18-year-old Helena Muffly wrote exactly 100 years ago today:
Tuesday, June 10, 1913: Nothing much doing.
$3.00 LOW RATE
Sunday, May 3
A Rare Chance to Visit the National Capital
SPECIAL TRAIN LEAVES
Williamsport . . . 12:01 A.M.
Market Street. . . 12:05 A.M.
Muncy . . . 12:30 A.M.
Montgomery. . . 12: 38 A.M.
Dewart. . . 12:47 A.M.
Watsontown . . . 12:52 A.M.
Milton. . . 1:02 A.M.
Returning, Special Train will leave Washington. . . 5:40 P.M.
The Trip of a life-time. An education as well as a delight. An opportunity to see “The Heart of the Nation,” a city of magnificent distances, unlike any other city in the country.
An Ideal Sunday Outing
See the New National Museum, Library of Congress, Capitol Building, Concoran Art Gallery, and the varied sights of Washington, “The City Beautiful.”
Her middle-aged granddaughter’s comments 100 years later:
Grandma’s sister Ruth left the previous day for a week-long trip to Washington DC.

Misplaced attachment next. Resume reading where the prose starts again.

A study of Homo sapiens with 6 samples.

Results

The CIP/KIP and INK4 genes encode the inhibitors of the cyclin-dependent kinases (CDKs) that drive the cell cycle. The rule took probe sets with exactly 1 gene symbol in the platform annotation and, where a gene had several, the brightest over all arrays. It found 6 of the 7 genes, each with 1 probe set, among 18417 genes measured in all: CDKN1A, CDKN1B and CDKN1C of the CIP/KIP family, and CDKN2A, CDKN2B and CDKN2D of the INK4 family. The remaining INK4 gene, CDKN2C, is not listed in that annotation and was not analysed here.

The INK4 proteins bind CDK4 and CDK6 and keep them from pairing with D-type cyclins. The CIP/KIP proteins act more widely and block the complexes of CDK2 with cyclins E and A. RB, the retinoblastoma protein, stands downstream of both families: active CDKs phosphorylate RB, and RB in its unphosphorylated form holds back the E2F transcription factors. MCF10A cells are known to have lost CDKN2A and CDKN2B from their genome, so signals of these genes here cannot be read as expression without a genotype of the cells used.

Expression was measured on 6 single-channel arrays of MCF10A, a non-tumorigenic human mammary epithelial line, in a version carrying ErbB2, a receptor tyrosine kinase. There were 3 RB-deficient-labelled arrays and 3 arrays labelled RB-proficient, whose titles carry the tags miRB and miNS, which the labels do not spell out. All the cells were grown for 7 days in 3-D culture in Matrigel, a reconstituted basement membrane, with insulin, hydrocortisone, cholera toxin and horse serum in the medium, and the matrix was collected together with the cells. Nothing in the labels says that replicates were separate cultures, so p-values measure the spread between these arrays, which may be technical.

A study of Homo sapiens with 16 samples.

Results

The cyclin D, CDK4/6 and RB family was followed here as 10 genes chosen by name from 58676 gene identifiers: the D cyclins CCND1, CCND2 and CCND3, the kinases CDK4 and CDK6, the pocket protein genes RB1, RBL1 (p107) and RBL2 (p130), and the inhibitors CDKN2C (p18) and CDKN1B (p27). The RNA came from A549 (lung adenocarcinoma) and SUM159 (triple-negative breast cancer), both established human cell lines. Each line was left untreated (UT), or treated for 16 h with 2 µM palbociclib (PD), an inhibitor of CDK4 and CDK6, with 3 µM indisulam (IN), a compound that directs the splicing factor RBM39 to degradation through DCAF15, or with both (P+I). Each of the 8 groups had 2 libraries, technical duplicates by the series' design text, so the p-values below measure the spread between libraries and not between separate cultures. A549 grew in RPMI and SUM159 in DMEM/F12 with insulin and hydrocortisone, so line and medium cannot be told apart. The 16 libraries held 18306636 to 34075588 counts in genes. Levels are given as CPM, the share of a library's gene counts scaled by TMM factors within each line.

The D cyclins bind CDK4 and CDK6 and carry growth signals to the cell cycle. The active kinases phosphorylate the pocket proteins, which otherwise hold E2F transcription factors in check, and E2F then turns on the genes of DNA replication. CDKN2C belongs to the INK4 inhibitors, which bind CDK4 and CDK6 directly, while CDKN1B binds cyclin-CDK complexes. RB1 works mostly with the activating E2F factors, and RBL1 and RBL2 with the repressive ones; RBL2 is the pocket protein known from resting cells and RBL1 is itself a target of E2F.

Today the 200 mile drive from McEwensville to Washington DC takes at least 3 1/2 hours. I have no idea how low the train ride was a hundred years ago.
It is not what Ruth did, but I was surprised to discover that back then there were one-day excursion trips to DC from central Pennsylvania. The train left Williamsport right after midnight—and picked up people in several nearby towns and then raced to DC. The route would be reversed in the evening.
Imagine the excitement of catching a train in the middle of the night—and pulling into Union Station at dawn. . . and seeing the capitol outlined in the early morning sunlight.
Dang—I almost put myself into the story—and was ready to book a seat on the next excursion train; then I remembered that it was 2013.